The CIA is using Instagram to teach Russians how to share state secrets with them

In this photo illustration, the Seal of United States Central Intelligence Agency seen displayed on a smartphone.
The CIA has posted instructions in Russian on how to access the Tor browser and contact the agency via its dedicated channel.Igor Golovniov/SOPA Images/LightRocket via Getty Images
  • The CIA made an Instagram post on Monday teaching Russians how to contact them with information.

  • The Russian-language posts show viewers how to obtain a Tor browser and access the CIA's channel.

  • According to an official, more Russians have tried to contact the CIA since the Ukraine war began.

The CIA is tapping on social media to recruit potential new Russian informants who disagree with President Vladimir Putin's invasion of Ukraine.

On Monday, the agency's official Instagram account posted a set of instructions in Russian on how to make "secure virtual contact" with the CIA. The post said it was targeted "those who feel compelled by the Russian Government's unjust war."

The post teaches Russians how to access the Tor browser to "guarantee the highest level of safety." Tor is an anonymous web browser that provides access to the Dark Web or websites not indexed by search engines like Google.

The CIA's post said that, to get Tor, any would-be informant should not use their personal or work computer and instead use an internet connection or computer not associated with their identity. The post added that they should also make sure their browsers like Google Chrome, Firefox, or Safari are updated and in private browsing mode — such as the Chrome browser's "Incognito Mode."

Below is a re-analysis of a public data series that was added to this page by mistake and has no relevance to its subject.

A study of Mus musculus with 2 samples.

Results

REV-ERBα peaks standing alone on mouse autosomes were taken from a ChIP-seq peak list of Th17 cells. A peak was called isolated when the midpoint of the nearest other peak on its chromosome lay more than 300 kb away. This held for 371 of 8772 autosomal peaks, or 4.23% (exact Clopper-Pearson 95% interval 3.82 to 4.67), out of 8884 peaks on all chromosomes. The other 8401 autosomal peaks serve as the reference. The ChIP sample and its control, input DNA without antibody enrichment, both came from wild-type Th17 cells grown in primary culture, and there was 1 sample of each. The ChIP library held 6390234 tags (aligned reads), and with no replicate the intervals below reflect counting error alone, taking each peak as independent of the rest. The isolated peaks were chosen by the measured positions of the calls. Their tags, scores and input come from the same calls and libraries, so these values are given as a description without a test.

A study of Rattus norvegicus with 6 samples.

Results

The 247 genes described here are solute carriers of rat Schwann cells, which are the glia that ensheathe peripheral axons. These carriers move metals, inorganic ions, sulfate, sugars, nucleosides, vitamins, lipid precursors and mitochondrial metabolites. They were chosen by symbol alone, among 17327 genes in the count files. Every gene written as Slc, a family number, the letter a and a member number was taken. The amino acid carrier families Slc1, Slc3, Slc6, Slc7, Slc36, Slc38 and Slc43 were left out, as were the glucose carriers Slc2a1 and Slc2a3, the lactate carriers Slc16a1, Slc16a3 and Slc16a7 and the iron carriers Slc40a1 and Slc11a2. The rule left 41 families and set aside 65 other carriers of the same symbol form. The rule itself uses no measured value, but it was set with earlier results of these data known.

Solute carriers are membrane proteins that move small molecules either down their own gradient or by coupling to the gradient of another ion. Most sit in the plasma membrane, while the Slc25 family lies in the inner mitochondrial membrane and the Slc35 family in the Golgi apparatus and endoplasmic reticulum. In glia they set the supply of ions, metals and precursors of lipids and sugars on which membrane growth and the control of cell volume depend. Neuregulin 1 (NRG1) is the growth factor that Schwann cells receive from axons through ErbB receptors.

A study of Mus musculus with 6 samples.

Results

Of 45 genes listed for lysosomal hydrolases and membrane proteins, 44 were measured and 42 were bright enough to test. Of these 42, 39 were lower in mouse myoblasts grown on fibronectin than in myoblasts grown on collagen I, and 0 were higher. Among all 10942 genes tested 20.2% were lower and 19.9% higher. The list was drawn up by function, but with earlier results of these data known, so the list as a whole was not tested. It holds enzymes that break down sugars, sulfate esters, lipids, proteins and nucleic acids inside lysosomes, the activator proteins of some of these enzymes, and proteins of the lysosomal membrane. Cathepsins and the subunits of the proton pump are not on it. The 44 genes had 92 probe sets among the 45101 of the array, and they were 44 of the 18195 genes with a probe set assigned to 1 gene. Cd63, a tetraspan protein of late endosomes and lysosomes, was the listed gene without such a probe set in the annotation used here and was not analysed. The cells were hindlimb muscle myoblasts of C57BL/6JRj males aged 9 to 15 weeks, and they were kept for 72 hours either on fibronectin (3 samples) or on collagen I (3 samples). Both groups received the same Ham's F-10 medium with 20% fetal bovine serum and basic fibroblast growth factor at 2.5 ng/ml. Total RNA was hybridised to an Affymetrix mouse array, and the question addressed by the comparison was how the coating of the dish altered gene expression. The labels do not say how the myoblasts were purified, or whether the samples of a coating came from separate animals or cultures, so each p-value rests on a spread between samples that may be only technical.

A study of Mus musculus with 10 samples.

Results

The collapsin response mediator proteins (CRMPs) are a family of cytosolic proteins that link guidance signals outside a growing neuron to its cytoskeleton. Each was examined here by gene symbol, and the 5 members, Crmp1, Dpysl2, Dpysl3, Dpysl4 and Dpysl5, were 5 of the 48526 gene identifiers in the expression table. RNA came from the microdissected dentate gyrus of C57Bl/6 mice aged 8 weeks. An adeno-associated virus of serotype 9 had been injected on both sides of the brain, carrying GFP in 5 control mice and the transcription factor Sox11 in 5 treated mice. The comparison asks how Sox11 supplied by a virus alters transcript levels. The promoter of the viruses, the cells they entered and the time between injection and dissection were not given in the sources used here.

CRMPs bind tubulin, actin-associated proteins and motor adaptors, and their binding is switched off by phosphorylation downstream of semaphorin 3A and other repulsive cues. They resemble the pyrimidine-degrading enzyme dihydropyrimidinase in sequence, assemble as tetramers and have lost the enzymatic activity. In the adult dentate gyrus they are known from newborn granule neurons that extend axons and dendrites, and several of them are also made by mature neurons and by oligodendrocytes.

As an alternative to Tor, the CIA said it is "imperative" that Russians use a VPN network if they want to get in touch with the agency.

"Do not use a VPN whose provider is based in Russia, China, or any other countries that are considered unfriendly to the United States," it warned. The agency also recommended using a paid VPN over a free service.

Russian demand for VPNs has skyrocketed since the Kremlin started blocking social media networks and news sites in March after the invasion of Ukraine commenced. Analysis sites such as AppFigures have reported an up to 4,375% increase in daily downloads for the country's top 10 VPN apps in March.

The CIA's Instagram post also provided a link to a dedicated channel to the agency asking informants to send their full name, job description, and the kind of information they possess.

"We urge you to take all the proper precautions to keep yourself safe. Your safety is of first priority," the post read.

According to a CIA who spoke to The Washington Post, more Russians have tried reaching out to the agency since the war in Ukraine began.

"Concerned Russians are trying to engage CIA, and we wanted to provide a way to safely contact us," the official said, per The Post.